EPIC Risk Management has called on the government to ban the sale of video game ‘loot box’ products to under 18s and ensure better education for parents.
Such a ruling would follow the direction of European countries like the Netherlands and Belgium, where virtually all loot box products are prohibited.
The House of Lords Gambling Committee suggested similar measures in July 2020 while in the past month it has been reported that some ministers have called upon the game developers themselves to self-regulate loot box sales to minors.
Jonathan Peniket, EPIC Risk Management’s gaming and esports consultant, has recently spoken at House of Lords round table discussions and is demanding action.
Peniket, who lost £3,000 on ‘player packs’ as a self-confessed FIFA Ultimate Team addict during his teenage years, said: “The survey results are extremely concerning; they suggest once again that the true scale of the issue of loot box gambling is terrifying.
“It is disappointing that we are still yet to hear any response to the government’s call for evidence on the issue which closed some 16 months ago now.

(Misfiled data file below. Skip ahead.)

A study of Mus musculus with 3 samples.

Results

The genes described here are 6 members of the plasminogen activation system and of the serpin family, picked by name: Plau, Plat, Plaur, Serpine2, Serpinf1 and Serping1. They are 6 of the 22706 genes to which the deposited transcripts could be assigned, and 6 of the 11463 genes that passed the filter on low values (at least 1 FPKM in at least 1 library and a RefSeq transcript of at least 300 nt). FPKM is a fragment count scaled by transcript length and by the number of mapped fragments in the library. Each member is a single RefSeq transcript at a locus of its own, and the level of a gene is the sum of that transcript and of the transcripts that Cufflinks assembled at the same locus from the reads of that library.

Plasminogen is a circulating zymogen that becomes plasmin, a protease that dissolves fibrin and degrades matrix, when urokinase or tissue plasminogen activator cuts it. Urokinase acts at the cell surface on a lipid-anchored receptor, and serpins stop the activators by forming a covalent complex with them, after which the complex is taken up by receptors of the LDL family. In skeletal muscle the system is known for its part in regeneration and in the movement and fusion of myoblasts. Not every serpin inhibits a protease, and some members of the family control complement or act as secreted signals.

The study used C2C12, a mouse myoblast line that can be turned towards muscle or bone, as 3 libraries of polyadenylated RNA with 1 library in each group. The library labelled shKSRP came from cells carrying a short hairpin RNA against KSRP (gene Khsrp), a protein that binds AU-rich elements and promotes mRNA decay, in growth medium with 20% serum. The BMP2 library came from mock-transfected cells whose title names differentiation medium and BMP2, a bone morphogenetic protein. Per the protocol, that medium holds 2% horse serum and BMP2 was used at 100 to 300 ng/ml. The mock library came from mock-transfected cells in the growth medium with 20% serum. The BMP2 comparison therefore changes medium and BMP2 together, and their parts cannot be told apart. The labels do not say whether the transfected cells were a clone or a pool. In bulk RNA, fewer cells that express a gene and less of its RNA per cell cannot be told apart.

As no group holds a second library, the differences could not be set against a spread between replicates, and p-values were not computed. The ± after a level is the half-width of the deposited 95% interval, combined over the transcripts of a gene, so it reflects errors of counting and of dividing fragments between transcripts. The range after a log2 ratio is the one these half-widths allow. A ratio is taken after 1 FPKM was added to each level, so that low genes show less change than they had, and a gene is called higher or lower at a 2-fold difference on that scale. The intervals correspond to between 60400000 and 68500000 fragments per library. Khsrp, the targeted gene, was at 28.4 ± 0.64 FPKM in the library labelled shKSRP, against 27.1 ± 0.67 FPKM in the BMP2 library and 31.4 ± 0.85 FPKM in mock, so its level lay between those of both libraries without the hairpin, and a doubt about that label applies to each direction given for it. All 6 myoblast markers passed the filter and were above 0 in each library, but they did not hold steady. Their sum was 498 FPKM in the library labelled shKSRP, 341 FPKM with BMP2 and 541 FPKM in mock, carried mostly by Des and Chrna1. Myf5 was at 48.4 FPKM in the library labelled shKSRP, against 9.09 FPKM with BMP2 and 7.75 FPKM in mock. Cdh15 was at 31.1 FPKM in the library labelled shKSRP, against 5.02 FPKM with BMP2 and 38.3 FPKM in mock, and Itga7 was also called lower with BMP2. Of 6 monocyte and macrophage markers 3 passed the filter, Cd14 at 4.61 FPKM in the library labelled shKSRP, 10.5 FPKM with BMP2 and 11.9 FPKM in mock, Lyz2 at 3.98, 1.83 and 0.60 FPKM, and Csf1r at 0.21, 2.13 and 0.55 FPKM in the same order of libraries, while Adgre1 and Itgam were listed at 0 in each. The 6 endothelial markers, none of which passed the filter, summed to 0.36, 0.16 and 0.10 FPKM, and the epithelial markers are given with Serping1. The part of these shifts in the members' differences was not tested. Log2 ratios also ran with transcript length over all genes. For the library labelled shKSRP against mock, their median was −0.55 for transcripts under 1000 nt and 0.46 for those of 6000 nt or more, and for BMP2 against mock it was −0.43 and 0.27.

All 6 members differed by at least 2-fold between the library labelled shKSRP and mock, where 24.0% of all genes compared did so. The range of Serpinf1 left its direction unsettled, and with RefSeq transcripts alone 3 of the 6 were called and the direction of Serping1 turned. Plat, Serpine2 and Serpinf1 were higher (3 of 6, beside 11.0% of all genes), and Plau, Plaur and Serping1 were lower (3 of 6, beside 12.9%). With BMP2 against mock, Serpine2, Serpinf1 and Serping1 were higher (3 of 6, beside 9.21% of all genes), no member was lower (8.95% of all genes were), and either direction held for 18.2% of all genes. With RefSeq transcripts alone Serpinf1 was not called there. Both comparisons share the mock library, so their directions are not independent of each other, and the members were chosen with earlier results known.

“Loot boxes continue to create awful situations in people’s lives and their regulation in the UK, as seen in other European countries, is critical.”
According to EPIC’s ‘eye-opening’ research, based on a survey involving 1,793 children from 31 UK schools, up to 30% of children are participating in gambling-related practices or skin betting.
This has been particularly apparent in video games, with 19% of children reporting that they had gambled within the past 13 months.
Furthermore, 5% of the group would be classed as being ‘at risk’ of developing a gambling problem, while 3% can already be classified as having one. 55% and 88% respectively within those two groups said that loot boxes or skins betting formed part of their gambling experience.
“Things like age verification systems should definitely be introduced in any sort of games, so kids under the age of 18 can’t spend money on stuff like that,” said Anca-Maria Gherghel, EPIC’s Research Coordinator, speaking in a video posted on the company’s Twitter account.
Gherghel added: “Teachers and parents should definitely be educated on any sort of harm related to loot boxes and in-game items.”